Auditor Of Public Accounts
State Auditor Crit Luallen Releases 2004 and 2005 Audits of Laurel County Sheriff’s Office. Twenty Six Findings over Two Years – Over $80,000 Deficit
State Auditor Crit Luallen today released the audits of the 2004 and 2005 financial statements of the Laurel County Sheriff, Gene Hollon. State law requires the Auditor to conduct annual audits of county clerks and sheriffs. The two audits reported fourteen comments in calendar year 2004 and twelve in the year ending December 31, 2005. As part of the audit process, the Auditors must comment on non-compliance with laws, regulations, contracts and grants. Auditors must also comment on material weaknesses involving the internal control over financial operations and reporting.
The Sheriff’s office had a cumulative deficit of $81,271 as of December 31, 2005. A deficit over $39,000 was reported in 2004 and over $30,000 in 2005. A previously reported 2003 deficit of $11,100 is still unpaid. The deficit is due the Laurel County Fiscal Court and the audits recommend that the Sheriff deposit personal funds in the official bank accounts for the fees to make up the deficit. Sheriff Gene Hollon responded in the audit that he “understood and is working with Fiscal Court to eliminate the deficit(s).”
The Sheriff’s office should also review health insurance billings to ensure proper premiums are paid on appropriate employees. In 2004, $7,444 in health insurance premiums was paid on behalf of employees who were no longer employed at the Laurel County Sheriff’s Office. In 2005, the total insurance premiums paid on behalf of employees that had been terminated or had left employment was $4,411.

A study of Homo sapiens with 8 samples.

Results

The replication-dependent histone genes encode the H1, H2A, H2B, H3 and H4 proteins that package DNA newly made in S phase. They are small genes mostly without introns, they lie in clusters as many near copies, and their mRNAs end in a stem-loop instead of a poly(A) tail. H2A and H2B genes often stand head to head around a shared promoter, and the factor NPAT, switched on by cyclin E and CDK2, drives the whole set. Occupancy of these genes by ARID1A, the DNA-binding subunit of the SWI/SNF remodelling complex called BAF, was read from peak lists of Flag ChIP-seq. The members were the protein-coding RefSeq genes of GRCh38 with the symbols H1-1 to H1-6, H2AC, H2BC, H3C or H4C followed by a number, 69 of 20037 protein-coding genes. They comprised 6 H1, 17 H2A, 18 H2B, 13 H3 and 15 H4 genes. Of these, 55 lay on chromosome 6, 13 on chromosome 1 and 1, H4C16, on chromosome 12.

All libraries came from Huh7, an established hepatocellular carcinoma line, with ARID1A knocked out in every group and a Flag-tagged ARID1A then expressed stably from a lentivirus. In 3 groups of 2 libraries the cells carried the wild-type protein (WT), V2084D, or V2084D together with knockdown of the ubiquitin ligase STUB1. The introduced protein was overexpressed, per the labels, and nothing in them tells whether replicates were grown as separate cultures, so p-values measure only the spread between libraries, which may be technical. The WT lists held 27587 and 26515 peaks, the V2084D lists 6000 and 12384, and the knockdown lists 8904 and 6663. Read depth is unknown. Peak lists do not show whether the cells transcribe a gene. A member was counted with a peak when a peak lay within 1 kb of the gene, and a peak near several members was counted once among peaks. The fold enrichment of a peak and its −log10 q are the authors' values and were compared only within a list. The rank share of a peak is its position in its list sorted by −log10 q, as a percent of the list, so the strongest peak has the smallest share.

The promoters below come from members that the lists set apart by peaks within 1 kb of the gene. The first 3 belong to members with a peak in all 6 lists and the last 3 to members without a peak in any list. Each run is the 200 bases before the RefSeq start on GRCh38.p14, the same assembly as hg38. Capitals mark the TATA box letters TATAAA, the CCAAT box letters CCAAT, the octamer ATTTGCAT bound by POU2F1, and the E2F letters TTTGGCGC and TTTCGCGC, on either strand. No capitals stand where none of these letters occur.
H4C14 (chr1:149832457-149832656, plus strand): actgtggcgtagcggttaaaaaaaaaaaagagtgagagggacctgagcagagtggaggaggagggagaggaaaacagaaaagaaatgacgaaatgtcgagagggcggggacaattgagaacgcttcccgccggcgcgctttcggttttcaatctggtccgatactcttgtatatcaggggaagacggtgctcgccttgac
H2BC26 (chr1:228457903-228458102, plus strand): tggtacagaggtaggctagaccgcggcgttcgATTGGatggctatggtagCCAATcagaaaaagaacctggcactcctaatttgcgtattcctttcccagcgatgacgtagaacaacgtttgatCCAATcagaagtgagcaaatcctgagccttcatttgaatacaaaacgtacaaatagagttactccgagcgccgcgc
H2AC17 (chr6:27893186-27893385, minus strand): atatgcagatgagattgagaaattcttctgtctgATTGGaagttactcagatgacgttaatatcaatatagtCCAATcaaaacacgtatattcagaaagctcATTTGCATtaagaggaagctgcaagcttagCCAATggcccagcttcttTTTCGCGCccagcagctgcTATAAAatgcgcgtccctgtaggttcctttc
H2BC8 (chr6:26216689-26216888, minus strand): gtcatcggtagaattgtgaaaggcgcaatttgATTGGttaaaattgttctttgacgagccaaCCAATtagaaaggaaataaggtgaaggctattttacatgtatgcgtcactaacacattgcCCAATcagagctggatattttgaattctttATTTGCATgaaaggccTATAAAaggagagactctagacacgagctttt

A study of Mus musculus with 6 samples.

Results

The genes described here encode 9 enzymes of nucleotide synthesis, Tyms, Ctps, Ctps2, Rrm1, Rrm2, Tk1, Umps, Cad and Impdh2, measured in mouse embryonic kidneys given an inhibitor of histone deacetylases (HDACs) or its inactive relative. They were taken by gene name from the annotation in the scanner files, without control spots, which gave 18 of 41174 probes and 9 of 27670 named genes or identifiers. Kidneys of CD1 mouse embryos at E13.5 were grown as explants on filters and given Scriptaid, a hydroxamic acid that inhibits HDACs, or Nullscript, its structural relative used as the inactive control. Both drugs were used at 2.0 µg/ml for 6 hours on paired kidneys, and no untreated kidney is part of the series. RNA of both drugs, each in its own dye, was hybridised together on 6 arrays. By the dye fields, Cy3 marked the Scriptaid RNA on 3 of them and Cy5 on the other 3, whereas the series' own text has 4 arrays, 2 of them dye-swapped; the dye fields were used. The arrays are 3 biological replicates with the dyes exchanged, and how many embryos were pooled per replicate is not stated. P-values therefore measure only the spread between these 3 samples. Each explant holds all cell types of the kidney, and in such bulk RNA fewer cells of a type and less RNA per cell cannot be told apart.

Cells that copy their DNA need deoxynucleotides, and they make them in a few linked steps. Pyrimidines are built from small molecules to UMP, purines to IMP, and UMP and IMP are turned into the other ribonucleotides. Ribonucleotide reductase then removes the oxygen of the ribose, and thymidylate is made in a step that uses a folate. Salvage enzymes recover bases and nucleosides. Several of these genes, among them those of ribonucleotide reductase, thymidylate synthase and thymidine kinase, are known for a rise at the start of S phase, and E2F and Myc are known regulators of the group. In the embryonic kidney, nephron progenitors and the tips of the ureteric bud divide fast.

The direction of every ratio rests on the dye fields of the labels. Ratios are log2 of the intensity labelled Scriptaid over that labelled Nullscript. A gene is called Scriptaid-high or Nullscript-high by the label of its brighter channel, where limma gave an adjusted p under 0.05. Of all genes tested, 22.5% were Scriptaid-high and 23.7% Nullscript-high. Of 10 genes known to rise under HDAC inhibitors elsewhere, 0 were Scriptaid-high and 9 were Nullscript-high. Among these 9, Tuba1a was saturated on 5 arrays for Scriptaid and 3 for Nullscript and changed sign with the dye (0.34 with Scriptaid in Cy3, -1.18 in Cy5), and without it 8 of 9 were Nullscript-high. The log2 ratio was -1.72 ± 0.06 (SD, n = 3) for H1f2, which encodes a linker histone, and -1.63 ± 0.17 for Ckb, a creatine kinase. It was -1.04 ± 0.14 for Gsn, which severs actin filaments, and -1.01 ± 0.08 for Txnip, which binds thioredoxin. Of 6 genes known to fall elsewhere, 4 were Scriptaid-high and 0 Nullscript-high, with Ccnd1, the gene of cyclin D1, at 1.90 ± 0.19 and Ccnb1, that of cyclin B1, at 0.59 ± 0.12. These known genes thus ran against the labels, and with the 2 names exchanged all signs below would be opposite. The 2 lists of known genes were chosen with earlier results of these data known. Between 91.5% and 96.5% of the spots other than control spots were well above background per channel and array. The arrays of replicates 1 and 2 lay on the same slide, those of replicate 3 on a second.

Additional audit findings are that the Sheriff should: maintain proper documentation for all expenditures and avoid paying late fees and interest, maintain time records on all employees, implement payroll procedures to ensure payroll records more accurately reconcile to the appropriate reports and billings, and strengthen internal controls over the bank reconciliation process and employee time record keeping.
“ We hope to see, and are expecting, improvements in the next annual audit of the Sheriff’s Office,” said State Auditor Crit Luallen.
The Sheriff’s responsibilities include collecting property taxes, providing law enforcement and performing services for the county fiscal court and courts of justice. The Sheriff’s office is funded through statutory commissions and fees collected in conjunction with these duties.